After discovering a cache of 17 million emails exposed on an unsecured database, researchers with vpnMentor began to hunt for its owner — but to their surprise, they found that the database belonged not to a company, but to a sophisticated criminal network.
Cybercriminals had been both collecting emails — and creating their own — as part of a major fraud scheme targeting Groupon, Ticketmaster and other major online vendors. Utilizing stolen credit cards, cybercriminals opened millions of fake accounts and used them to buy tickets on various ticket vendor sites, and then resell them to others online. The scheme has been ongoing since 2016, until the fraudsters made a fatal flaw — leaving the emails open to the public on the unsecured database.
“Since 2016, they have been using a combination of email, credit-card [fraud] and ticket fraud against Groupon, Ticketmaster and many other vendors,” according to Noam Rotem and Ran Locar, researchers with vpnMentor, in a Wednesday analysis. “Groupon has been trying to shut this operation down ever since it started, but it has proven resilient.”
The enormous database contained 17 million emails and totaled 1.2 terabytes of data. Specific data that was exposed appeared to be personal details of anyone purchasing tickets from a website that was using ticket processing platform Neuroticket, as well as records from coupons, discounts, newsletter and promotional emails, and more. The millions of emails were both generated by the fraudsters themselves and tied to the fraudulent accounts, but were also collected from corresponding interactions with ticket vendors, such as Groupon, as well as consumers who bought the resold tickets.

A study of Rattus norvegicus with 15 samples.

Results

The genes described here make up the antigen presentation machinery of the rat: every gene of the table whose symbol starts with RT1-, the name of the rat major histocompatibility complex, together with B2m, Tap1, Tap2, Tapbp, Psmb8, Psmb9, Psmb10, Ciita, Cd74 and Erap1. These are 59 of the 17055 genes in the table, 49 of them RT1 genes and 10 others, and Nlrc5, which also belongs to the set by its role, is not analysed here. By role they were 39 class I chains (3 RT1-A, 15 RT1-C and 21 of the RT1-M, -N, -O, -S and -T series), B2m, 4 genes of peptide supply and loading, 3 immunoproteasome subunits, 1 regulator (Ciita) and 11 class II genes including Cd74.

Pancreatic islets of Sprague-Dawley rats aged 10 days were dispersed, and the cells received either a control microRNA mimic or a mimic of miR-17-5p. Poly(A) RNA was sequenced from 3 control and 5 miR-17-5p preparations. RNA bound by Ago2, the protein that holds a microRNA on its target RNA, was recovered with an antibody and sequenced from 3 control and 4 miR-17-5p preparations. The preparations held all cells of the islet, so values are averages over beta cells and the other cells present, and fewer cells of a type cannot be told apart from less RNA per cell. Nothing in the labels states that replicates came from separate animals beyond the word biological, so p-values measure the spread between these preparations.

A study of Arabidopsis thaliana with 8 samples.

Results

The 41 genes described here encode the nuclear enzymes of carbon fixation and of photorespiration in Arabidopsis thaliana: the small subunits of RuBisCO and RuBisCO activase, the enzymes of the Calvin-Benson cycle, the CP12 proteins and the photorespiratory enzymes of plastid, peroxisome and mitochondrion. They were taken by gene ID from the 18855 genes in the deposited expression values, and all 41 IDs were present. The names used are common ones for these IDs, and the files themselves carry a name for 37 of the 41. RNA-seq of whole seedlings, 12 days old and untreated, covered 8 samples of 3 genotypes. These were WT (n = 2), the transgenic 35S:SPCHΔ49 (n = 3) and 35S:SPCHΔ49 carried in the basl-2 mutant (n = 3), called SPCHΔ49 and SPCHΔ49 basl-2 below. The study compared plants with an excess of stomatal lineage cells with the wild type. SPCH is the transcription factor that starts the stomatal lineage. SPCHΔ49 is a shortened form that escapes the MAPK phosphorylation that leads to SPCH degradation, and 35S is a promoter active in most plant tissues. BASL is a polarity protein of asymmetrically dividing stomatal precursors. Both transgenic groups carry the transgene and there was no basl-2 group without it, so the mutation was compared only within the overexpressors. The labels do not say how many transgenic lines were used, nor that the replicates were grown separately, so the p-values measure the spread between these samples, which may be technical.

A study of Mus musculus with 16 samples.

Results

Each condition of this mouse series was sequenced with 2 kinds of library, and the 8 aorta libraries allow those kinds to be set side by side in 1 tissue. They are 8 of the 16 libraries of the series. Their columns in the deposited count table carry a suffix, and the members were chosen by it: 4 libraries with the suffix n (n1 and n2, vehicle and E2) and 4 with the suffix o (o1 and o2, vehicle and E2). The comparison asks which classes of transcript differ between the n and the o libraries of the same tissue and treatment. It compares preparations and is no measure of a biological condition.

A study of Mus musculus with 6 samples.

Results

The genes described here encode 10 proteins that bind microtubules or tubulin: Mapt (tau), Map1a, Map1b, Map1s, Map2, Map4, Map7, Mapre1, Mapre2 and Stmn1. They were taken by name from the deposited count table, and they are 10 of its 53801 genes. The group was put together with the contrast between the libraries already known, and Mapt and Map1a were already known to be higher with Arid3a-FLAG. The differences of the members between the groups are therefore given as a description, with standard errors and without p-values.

The majority (90 percent) of the database involved records from popular coupon and discounts website Groupon, totaling 16 million altogether.
The other 10 percent of the database included records from both small independent venues (such as the Pacific Northwest Ballet, Fox Theatre in Georgia and the Colorado Ballet in Denver) and the internet’s biggest ticket vendors, Ticketmaster and Tickpick.
In another twist, researchers also found a ransom note embedded in the database, claiming to have extracted the information and asking for $400 in Bitcoin in return for not releasing the database to the public.
“It seems at least one criminal hacker has already hacked the database. Not understanding what they discovered, they’re trying to extort its owners,” researchers said. “This is a known issue with many open databases. It is usually triggered by automated scripts and not manually by humans.”
While initially viewing the database last month, researchers thought that it might be the result of a vulnerability in Neuroticket, the mailing system that was linked to the database.
However, upon further investigation, researchers found that certain parts of the database weren’t adding up. For instance, when randomly contacting 10 email addresses on the database, only one person replied back.
Researchers then contacted Groupon, whose security team linked the database to an existing criminal network they had already been chasing since 2016.
According to Groupon, in 2016, the criminal operation opened 2 million fraudulent accounts. The operation monitored email inboxes that were linked to the fraudulent accounts and extracted tickets from the emails. They would then resell the tickets to innocent consumers, who sometimes may not be able to use them, due to the transactions being void or tickets being sold to multiple consumers.
“Groupon had been able to close most of the accounts, but not all of them,” researchers said. “The operation has remained resilient, despite excellent work by the company. Groupon’s chief information security officer (CISO) estimates the number of fraudulent accounts in the network we helped uncover to be as high as 20,000.”
Researchers said that they are working to alert any other parties impacted by the breach, including customers, clients and website users. The database is no longer online.